Day 82: The Coronavirus Countdown – 100 Days of Great Music

The staff of the College Football America Yearbook is on the road every weekend of the college football season, shooting games and gathering information for the following year’s book. That means a lot of driving and listening to a lot of music.

Earlier this year our College Football America Yearbook publisher Kendall Webb and our director of editorial content Chuck Cox put together ‘The Coronavirus Countdown – 100 Days of Great Music.’ Each of them sat down and compiled a list of 100 great albums. Their goal was not to select the ‘100 greatest albums of all time.’ It was simply to select 100 great albums to write about as they passed the time during quarantine and shelter-at-home orders.

This 2020 college football season will be unprecedented in so many ways. It’s very likely none of us will be on the road for games because, like most people, we’re trying to stay healthy. And we hope you are too.

So, for the next 100 days, we’re going to publish their countdown here at (the list was originally published on Webb’s personal site, Consider it the ultimate playlist for the ultimate college road trip — music for every taste, from every genre and from every decade of the modern era of music. When the staff of the College Football America Yearbook is back on the road, you can bet these will be some of the tunes we’re listening to.

And, if you missed the previous installments of our series, just click here to head to the Coronavirus Countdown — 100 Days of Great Music home page.

Here’s Day 82.

Indie rock, indie folk, art folk — even folktronica is a term that has been coined to describe the music of modern rock artist Bon Iver.

But his 2017 album 22 A Million, which is Chuck’s Album of the Day, also is very experimental and has been occasionally tagged as art pop or art rock by reviewers.

Ironically, Kendall’s Album of the Day – The Velvet Underground and Nico – is one of art rock’s seminal albums. Released in 1967 with initial sales of roughly 30,000 units, the record grew in stature through the following decade and is now hailed as one of the greatest albums in the history of rock and roll. In response to the album’s influence despite its meager sales figures, Brian Eno famously stated that “everyone who bought one of those 30,000 copies started a band.”

Eno himself was a member of one of the bands that was influenced by The Velvet Underground. He played synthesizer for Roxy Music and was on hand for the band’s 1972 eponymous debut. That album — Roxy Music — is your bonus pick of the day.

— Chuck Cox and Kendall Webb


Bon Iver

22, A Million (2017)

Why I Love It

Releasing an album full of strikingly original music is not an easy task in this day and age. After all, pretty much everything that can be done has already been done a hundred times over. But Justin Vernon created something as original as it is beautiful with this amazing album that ignores all boundaries while tapping into some real creativity. Experimenting with numerous instruments and sounds throughout the record, Bon Iver brings depth and character to the music like few artists I have ever heard even attempt to do. Even the song titles look different, incorporating symbols with words and numbers. The first time I heard the energy and mood of this album, it immediately grabbed my attention. Nearly four years later, it still has its hooks firmly into me. I can’t listen to some of it without hearing all of it. All of the songs flow perfectly into the next to create a cohesive work of art. It’s one of my favorite albums released in the last 20 years.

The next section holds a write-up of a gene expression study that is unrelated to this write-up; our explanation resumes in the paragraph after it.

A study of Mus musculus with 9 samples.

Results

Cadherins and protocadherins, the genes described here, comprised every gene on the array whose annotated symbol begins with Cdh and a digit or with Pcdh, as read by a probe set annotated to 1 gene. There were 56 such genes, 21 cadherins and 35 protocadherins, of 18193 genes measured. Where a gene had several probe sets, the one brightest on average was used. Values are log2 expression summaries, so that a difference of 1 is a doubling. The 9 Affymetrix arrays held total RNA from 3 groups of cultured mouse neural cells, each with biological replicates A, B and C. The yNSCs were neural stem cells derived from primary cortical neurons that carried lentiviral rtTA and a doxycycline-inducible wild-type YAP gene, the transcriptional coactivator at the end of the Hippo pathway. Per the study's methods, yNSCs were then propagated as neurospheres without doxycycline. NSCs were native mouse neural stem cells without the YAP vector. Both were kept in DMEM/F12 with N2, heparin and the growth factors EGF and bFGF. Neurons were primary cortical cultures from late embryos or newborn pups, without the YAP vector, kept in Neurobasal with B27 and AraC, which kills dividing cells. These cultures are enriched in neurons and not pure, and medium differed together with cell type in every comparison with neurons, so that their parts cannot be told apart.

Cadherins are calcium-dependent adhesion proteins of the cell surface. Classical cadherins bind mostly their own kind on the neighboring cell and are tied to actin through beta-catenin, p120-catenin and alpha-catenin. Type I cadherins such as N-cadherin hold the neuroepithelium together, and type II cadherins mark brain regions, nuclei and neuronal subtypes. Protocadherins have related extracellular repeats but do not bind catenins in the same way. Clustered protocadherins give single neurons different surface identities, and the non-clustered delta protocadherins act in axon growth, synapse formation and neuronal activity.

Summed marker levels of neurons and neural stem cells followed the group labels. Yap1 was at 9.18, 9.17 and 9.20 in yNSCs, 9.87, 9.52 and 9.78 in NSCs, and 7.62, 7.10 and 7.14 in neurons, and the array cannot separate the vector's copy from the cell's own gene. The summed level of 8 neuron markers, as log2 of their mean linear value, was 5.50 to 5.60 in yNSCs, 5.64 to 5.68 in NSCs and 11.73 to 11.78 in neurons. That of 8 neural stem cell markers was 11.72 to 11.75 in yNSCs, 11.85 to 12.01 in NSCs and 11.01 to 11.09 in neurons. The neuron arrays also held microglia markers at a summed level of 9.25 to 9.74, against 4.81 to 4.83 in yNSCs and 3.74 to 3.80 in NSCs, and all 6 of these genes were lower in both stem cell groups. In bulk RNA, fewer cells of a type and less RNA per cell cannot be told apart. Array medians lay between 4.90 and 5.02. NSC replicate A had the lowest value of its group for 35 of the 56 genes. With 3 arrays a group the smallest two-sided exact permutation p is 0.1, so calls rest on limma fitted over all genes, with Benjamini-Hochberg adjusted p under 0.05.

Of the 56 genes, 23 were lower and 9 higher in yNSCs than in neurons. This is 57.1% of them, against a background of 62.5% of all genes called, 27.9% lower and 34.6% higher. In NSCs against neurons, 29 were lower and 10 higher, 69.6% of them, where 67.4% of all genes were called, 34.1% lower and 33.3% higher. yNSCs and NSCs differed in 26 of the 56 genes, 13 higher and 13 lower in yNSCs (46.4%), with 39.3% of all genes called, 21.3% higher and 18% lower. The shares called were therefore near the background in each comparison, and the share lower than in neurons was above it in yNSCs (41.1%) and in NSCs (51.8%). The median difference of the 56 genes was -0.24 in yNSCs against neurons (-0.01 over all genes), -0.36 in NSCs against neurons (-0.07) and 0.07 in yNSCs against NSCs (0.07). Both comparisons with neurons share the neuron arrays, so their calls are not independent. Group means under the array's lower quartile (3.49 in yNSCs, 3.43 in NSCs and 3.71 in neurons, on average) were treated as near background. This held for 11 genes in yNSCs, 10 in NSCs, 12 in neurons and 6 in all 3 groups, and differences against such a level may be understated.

Album Highlights

“33 “GOD,” “29 Strafford APTS” and “___45___”

Kendall on Chuck’s Album of the Day

Well, my apologies to Chuck. He’s been singing the praises of this album ever since it was released, but I didn’t really zero in on it until I sat down to write this review. And I have to say, it’s one of the better albums I’ve heard in the world of pop music in quite some time. It’s an album that defies easy categorization — just like my pick from 1967 below. And you’ll hear distance echoes of The Velvet Underground and other art-rock underpinnings reverberating through the music of Bon Iver on this album. Definitely a pick that’s worth your time.


The Velvet Underground

The Velvet Underground and Nico (1967)

Why I Love It

This is another album I discovered during my Austin years when I was a student at The University of Texas.

Thanks in no small part to the influence of my pal Chuck here, who’s been counting these down with me, I was in a full exploration of popular music history by the time I got to Austin. This album was one of my favorite discoveries.

For 25 years or so, it’s been a late-night companion carrying me down the road, or playing on the night stand while I stared at the ceiling in the dark mesmerized by the lyrics and the sounds. It was also the album that introduced me to the unique talents of Nico, another artist I featured earlier in this countdown. Andy Warhol was right — especially when it came to his promotion of The Velvet Underground.

Album Highlights

“Sunday Morning,” “I’m Waiting For The Man” and “Femme Fatale”

Chuck on Kendall’s Album of the Day

I was oblivious to the greatness of the Velvet Underground for way too long in my life. But once I finally got around to exploring the band’s music, I knew I was listening to groundbreaking greatness. Like other stalwart albums of the 1960s, this one was not a commercial success when it was released, but it has since been recognized as an all-time great record. I agree with that assessment 100%. “Sunday Morning” is as great of a way to start an album as you’ll hear.